10 Social Media Tips that Create Big Wins for Clients
People often ask me how my company, LiveWorld, helps the world’s biggest brands maximize the results of social. Their daunting task can involve managing hundreds of social pages with hundreds of thousands of comments in dozens of languages. But the truth is, what we do at that gigantic scale is governed by the same principles of social media that I recommend for individuals and for smaller companies.
Here’s a cheat sheet of some of our favorite social media tips to help our clients manage thriving social programs.
1. Develop what we call a “socialized” view of the brand that defines how customers will experience your brand through dialogue and relationships in social media. To get there, imagine your brand as being in a relationship with your target audience—are you a confidante? A funny friend? A favorite teacher? How do you relate to your customer and what value do you bring to the relationship?
2. Set goals with smart key performance indicators (KPIs). Setting goals upfront allows you to create strategy that’s flexible but doesn’t lose sight of your business objectives. Are you looking to acquire customers? Make sales? Build reputation? Improve service or support? Gather insight? Decide upfront, create metrics to match, and then develop a plan that never loses site of those metrics.
3. Develop a content programming plan that makes promoting conversation among customers, not broadcasting brand messaging, the top priority. Stimulate conversation about what’s most important to customers by identifying linkages—interests your target customers share and want to discuss.
For example, one of our clients, the pharmaceutical company Zoetis, has a Facebook page called EQ Stable for customers of its horse-related products. While there’s lots of discussion about how to care for horses, there are also brand-initiated conversations about trail riding, riding lessons, and upcoming events of interest to horse owners.
4. When posting, use a customer-centric topic mix – 40% social, 40% category, 20% brand/products. That conversational mix really does create more engagement and in turn more reach and impact. This is particularly true on Facebook, where the relationships are primarily social in nature and the site’s algorithms favor those posts that promote conversation and sharing.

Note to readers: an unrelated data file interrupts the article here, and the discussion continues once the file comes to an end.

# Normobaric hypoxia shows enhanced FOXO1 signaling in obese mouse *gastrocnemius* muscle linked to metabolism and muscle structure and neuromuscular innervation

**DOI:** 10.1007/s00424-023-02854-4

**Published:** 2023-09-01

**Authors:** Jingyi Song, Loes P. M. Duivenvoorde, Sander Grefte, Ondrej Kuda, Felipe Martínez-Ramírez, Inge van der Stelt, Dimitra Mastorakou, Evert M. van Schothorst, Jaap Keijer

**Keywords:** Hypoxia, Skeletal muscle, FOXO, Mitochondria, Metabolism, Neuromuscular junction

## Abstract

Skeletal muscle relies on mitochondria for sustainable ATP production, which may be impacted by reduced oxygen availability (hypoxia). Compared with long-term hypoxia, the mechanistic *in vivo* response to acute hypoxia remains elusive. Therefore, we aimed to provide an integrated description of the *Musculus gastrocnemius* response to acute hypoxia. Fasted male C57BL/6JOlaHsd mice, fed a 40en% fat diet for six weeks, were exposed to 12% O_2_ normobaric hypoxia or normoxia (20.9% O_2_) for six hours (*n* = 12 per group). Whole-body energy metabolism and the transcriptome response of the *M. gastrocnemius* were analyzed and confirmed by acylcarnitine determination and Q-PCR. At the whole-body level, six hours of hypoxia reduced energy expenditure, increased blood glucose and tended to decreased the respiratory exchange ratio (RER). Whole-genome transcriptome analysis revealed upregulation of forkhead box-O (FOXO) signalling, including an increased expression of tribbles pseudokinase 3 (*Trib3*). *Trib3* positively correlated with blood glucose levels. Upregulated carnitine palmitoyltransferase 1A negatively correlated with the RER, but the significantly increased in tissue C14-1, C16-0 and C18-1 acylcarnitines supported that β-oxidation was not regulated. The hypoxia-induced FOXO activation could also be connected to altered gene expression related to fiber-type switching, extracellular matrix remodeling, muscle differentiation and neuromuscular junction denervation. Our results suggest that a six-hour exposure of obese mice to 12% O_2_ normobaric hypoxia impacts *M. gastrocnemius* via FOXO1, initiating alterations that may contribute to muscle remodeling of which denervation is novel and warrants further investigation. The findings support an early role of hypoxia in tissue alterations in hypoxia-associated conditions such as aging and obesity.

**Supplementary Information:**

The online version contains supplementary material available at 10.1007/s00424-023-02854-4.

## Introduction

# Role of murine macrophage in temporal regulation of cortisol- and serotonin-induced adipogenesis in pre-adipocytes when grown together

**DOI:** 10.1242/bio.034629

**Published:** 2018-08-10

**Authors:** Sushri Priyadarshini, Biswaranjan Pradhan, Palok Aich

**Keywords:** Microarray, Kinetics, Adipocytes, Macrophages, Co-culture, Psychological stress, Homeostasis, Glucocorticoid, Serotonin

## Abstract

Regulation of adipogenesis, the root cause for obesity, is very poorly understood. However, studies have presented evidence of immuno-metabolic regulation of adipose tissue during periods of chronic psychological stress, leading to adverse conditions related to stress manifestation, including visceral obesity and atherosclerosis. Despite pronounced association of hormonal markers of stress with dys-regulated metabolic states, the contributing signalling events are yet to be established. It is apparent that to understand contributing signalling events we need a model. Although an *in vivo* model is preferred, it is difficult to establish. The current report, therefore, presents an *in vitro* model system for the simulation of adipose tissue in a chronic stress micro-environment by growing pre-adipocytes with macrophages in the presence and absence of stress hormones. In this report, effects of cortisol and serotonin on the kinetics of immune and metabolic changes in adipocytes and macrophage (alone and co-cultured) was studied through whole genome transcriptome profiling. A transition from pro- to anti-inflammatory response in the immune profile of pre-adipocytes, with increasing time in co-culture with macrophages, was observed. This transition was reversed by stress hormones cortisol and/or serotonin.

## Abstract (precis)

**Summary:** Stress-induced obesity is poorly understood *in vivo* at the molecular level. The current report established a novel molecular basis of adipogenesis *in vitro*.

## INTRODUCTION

More people will see your product message is only 20% of your messages than if 80% of your messages are product messages. On Twitter, we’ve seen brands have success with streams that are more product-oriented. As a general rule of thumb, start with a topic mix that’s designed to engage by talking about more than just the product.
5. Put a social crisis management plan in place before the crises happen. The plan should establish a clear chain of command and provide a timeframe for response. Most important, “planning” for a crisis will save you from the typical mistake made by brands—overreacting due to panic and denying or trying to hide the controversial issue, and then finding you’ve just inflamed your critics.
6. Adding on to #6, never try to suppress controversy by ignoring, dismissing, controlling, or deleting flashpoints. Embrace critique openly. Start the conversation by letting them know you’re listening and will respond meaningfully to their concerns.
7. Respond to customers personally, using quality human moderators, not algorithms or automated responses. People come to social media spaces to interact on a personal level. If you can’t provide them with a human response, you’re playing in the wrong medium.
8. Fine tune your content. Short posts tend to perform better. Asking questions spurs dialogue, and particularly if those questions are inserted at the end, not the beginning, of a post. Evaluate performance both quantitatively and qualitatively and constantly adjust your content based on your findings. Paying consistent attention to the little stuff can make a big difference.
9. Find the balance between readily interacting with customers and dominating the conversation, which can effectively squeeze the customers’ voice from the page. Constantly seek out ways to highlight customers in your posts, and to throw the conversational ball into their court. Introduce your customers to each other in your social space and look for ways to create value for them from these new relationships.
10. This final tactic is the hardest, but potentially the most impactful: View your customers as partners, not passive targets, as you develop your social presence. If you can create an environment where customers feel safe and inspired to share their stories and in doing so redefine the experience of your brand, rather than have your marketing define it for them, the relationships and insights you gain from that conversation will completely transform your business.
Social media a long-term game, and it requires a real investment of time, focus, and yes, money. But social media users who have a great experience will tell an average of 42 people about it, according to the 2012 American Express® Global Customer Service Barometer. Meanwhile, across all customers (not just social media) the average number of people who spread the word on a positive experience is only 15, underlining how much social boosts word of mouth. Finally, every person who has a negative experience in social media will tell 53 others, on average.
So ask yourself, which kind of word of mouth do you want and what’s it worth to you and your business?